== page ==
New Delhi: Eight cheetahs from Namibia land in what is today India, as part of a program to reintroduce the feline to India, seven decades after it was declared extinct in the country. According to an official, the plane landed at Gwalior airbase shortly before 8 am. The cheetahs were transported in special wooden crates by a modified Boeing aircraft that took off from the African country on Friday night. These cheetahs will be taken to Kuno National Park in Madhya Pradesh, where Prime Minister Narendra Modi will celebrate his birthday. He will release the three cheetahs in the quarantine enclosures at 10.45 am. According to an official, the animals will be flown in an Air Force helicopter from Gwalior to Kuno in Sheopur district in about 20-25 minutes, a distance of 165 km.
The cheetahs were not fed during the journey and would be given food after being released into the enclosures. In addition, a platform has been constructed in the park to house special cages containing cheetahs, and Prime Minister Modi will release three of them into an enclosure with a lever. According to the official, other dignitaries will then release the remaining cheetahs in other enclosures.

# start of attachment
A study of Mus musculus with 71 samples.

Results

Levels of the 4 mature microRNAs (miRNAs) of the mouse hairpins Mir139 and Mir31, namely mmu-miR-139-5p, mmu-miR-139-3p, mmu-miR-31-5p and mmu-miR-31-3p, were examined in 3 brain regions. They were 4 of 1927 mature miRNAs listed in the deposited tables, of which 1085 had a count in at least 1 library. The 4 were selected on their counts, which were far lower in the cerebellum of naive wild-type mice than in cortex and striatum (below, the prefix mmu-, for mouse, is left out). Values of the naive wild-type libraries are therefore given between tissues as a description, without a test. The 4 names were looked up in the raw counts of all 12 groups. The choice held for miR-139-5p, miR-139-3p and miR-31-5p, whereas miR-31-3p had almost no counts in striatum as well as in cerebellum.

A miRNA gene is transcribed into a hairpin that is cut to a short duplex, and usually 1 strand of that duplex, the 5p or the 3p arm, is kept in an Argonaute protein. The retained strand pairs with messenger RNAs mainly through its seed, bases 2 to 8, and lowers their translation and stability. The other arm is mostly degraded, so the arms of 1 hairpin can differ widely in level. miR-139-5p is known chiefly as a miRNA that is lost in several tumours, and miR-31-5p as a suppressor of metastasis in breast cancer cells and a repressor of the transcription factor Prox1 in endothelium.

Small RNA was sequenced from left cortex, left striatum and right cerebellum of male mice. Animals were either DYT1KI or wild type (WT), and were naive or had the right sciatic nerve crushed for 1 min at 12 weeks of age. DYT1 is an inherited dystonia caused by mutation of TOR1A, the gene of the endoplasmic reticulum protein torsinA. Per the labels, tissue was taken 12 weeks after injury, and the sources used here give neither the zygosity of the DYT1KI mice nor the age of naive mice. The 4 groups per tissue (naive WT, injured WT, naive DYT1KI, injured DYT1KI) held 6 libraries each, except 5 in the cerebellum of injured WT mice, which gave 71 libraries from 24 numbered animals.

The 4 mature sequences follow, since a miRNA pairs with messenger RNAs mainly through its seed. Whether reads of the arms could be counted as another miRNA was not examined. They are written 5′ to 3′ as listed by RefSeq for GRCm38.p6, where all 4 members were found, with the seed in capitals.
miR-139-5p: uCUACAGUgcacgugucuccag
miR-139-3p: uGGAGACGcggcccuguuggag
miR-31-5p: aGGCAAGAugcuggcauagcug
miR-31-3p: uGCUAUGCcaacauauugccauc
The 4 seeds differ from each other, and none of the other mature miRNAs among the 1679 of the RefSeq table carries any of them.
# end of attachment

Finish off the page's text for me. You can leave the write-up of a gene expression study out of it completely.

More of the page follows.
The Cheetah was taken on a special flight operated by Terra Avia, a European airline based in Chisinau, Moldova that operates chartered passenger and cargo flights. The park covers an area of 344 square kilometers and is situated on the northern side of the Vidyachal mountains.
Authorities had to deal with heavy rain, inclement weather and some blocked roads to complete preparations for Narendra Modi’s program to release the big cats to their new home in Kuno. Two days before Modi’s arrival, there was heavy rain in Gwalior-Chambal region of Madhya Pradesh.